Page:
How Much Protein Do Female Runners Really Need?
Most of us know that protein is an important part of a healthy diet. But how much protein do women runners really need, and how do we calculate our daily intake?
Protein is one of the three macronutrients (the others being carbohydrates and dietary fat). It’s considered of vital importance to active people, including runners, because it forms the basis of muscle tissue and connective tissue including ligaments, tendons and skin. Without enough protein in our daily diet, our hardworking bodies struggle to recover properly from running training and racing. To perform well (and stay injury free) we need to maintain healthy amounts of lean tissue (aka muscle!). And, when we run a lot, we’re at risk of losing muscle tissue unless our nutrition supports lean mass.
It’s not about getting bigger or musclier. It’s about protecting the muscle tissue we’ve got, so we can run well, stay strong, and have a fired-up metabolism.
Protein is made up of amino acids. Complete proteins contain all the essential amino acids – that is, the ones our bodies can’t make without our help. We must get these essential amino acids from the food we eat (and from sports supplements if we choose to use them). Complete proteins include red meat and poultry, fish, eggs and some dairy.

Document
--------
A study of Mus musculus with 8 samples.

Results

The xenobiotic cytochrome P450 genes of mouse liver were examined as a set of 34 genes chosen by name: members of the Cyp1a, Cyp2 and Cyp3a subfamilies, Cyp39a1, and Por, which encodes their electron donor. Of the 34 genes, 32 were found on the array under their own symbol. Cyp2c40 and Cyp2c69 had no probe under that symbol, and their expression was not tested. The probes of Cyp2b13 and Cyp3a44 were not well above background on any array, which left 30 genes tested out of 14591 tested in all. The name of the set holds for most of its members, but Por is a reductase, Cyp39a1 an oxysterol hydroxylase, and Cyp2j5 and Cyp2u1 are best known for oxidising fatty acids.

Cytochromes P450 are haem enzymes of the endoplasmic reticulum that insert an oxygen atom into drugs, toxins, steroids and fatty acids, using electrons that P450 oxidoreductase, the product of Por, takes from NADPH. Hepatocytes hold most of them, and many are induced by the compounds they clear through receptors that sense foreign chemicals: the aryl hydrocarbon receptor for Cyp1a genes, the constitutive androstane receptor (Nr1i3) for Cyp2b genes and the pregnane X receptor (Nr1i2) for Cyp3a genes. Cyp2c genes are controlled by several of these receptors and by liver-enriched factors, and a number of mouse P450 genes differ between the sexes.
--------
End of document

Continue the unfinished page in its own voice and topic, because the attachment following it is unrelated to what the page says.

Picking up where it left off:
How much protein do women runners need?
A good rule of thumb is to take your body weight in pounds (lbs) and try to get 0.8g-1g of protein per lb of body weight. Remember, that’s 1 gram of the macronutrient protein, not one gram of the food’s weight. For example, a chicken breast might weigh 150grams, but it’s not 150g of protein (it’s 150g of chicken breast). In this example, that 150g of chicken breast represents about 35g of protein.
You can work out how much protein is in the food you eat by checking the food label or – if the food doesn’t have a label (as many natural one-ingredient foods don’t), by using an app like myfitnesspal.
Let’s say a female runner weighs 10 stone (140lbs). To eat enough protein to support her running, recovery and general health, she’d be looking to eat around 110-140g of the macronutrient protein every day.
That might look something like this (we’ve only noted the protein amounts – obviously all of these meals and snacks will also include carbohydrates and fats):
Breakfast: Porridge with nuts, seeds and berries (15g protein)
Snack: Oatcakes with peanut butter (15g protein)
Lunch: Tuna/Chicken pasta with chopped veggies mixed in (35g protein)
Snack: Small pot of Greek yoghurt (20g protein)
Dinner: homemade mince dish like chilli, with potatoes and veg (35g protein)
If you struggle to find ways to eat enough protein, try adding chicken, turkey or a little red meat to your daily intake, eggs, fresh or tinned fish, dairy products or protein powders/protein shakes.